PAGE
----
Unless people have had experience with doing timber floors, they don’t know that it’s an art. A lot of thought and preparation goes into it. Floor sanding and finishing masters like Mark Jolley at Floor knows what it takes to make a blank canvas out of any type of timber and turn it into a gleaming work of art.
When people call the team at Floor to get their timber floors sanded and polished, the state of the floor is usually sad – chipped, horribly stained, scratched, worn, faded, and balding of protective coating. It’s been stripped of its beauty over time. Mark and his team will assess the floor first by looking at the timber type, patterns, and other special properties like if its parquetry or regular timber planks. They will determine the square footage and discuss what products you would like as your finishing stain. They will then give an estimate as to how much it would cost to restore your floor to an amazing work of flooring art.
Why sand your floor and not just screen and recoat?
Screening and recoating might be a viable option for some type of floors. It all depends on how worn the floor is. Sanding is like starting from scratch whereas screening is sort of midway. Eventually you’ll have to sand your floor anyway to really get down to the untouched timber for a really polished and clean look. Screening isn’t a long-term solution, it just buys the surface of the floor a little more time. It is a good solution for really thin floor boards that cannot be sanded any thinner.
What does it take to sand and finish a floor?
If the floor timber has just been installed, sanding creates an even surface for the stain to stick to. Any planks with corners or sides that are even slightly uneven will be flatted for a flat and uniform floor. Sanding already existing older timber flooring will also even out any scratches and take out worn wood fibres showing through the top coat. The old used top coat will also be completely taken out by sanding.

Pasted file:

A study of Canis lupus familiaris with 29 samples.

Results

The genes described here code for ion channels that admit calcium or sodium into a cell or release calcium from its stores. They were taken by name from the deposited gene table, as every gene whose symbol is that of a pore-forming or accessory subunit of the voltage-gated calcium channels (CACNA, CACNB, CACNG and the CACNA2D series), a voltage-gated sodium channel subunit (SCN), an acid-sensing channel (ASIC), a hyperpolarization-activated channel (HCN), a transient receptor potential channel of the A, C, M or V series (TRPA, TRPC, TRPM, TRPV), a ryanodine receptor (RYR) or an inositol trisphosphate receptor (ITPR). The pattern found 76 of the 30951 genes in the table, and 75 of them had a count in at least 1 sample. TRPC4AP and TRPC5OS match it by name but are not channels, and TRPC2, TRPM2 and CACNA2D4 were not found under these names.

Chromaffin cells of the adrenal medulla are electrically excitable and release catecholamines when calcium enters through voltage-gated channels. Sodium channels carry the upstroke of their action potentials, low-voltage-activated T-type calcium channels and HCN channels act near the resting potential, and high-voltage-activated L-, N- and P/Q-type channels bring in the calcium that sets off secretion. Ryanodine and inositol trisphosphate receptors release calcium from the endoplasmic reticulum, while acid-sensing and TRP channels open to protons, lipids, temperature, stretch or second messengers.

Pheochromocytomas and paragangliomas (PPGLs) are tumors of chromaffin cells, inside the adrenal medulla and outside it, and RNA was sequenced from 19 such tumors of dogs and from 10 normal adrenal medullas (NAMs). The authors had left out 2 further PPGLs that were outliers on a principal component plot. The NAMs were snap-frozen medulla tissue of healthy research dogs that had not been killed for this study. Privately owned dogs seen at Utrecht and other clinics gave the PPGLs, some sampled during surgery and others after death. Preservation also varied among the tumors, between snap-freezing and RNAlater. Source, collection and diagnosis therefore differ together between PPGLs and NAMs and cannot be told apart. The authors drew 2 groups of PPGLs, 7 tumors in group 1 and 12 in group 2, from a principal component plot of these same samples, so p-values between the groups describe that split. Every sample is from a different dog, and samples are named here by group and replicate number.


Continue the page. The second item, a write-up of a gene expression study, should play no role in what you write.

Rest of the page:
Before sanding takes place to create a blank canvas for the new finish, the floor needs to be prepared by fixing loose boards by adding nails and by looking for nails that have come to the surface. Nails that are above the surface of the timber are driven deeper into the timber so that they won’t get hit by the sanding machines.
Depending on the degree of wear, most floors are sanded a few times. The first pass is done with the coarsest-grit sandpaper to remove the tougher old finish and the damaged fibres of wood. The first sanding should take out all of the old stain down to the bare timber. The second pass with the medium-grit sandpaper smooths out the coarse patterns made by the coarse grit sandpaper. The final pass is accomplished with the smoothest grit of sandpaper. This is the surface that the floor finish will be applied to for a really smooth and even floor. The sanding passes are usually made from one end of the floor to the other with the large sanding machines. The edges and tighter spaces are also done after each pass with the smaller sanding machines. Complete vacuuming is done after each pass to create a clean floor ready for the finish. The sanding passes should be done in line with the grain of the wood. The final top coats are also applied the same way, in line with the grain pattern of the wood.
There are pros and cons to any stain you choose. Discuss your options with the Floor team and they can help you find the right top coat for your already sanded floor. You can get stains that will show off the grain and excellent quality of your timber. You can also get stains that will turn your timber floor to your desired colour. You can even choose the sheen. Usually a sealer is applied first and dried before the top coats are put on. Oil, lacquer, or water-based stains are available for floor finishing. It is up to you to choose the final look of your floor. With Mark and the Floor team on the job to help you, your choice is sure to be an excellent one.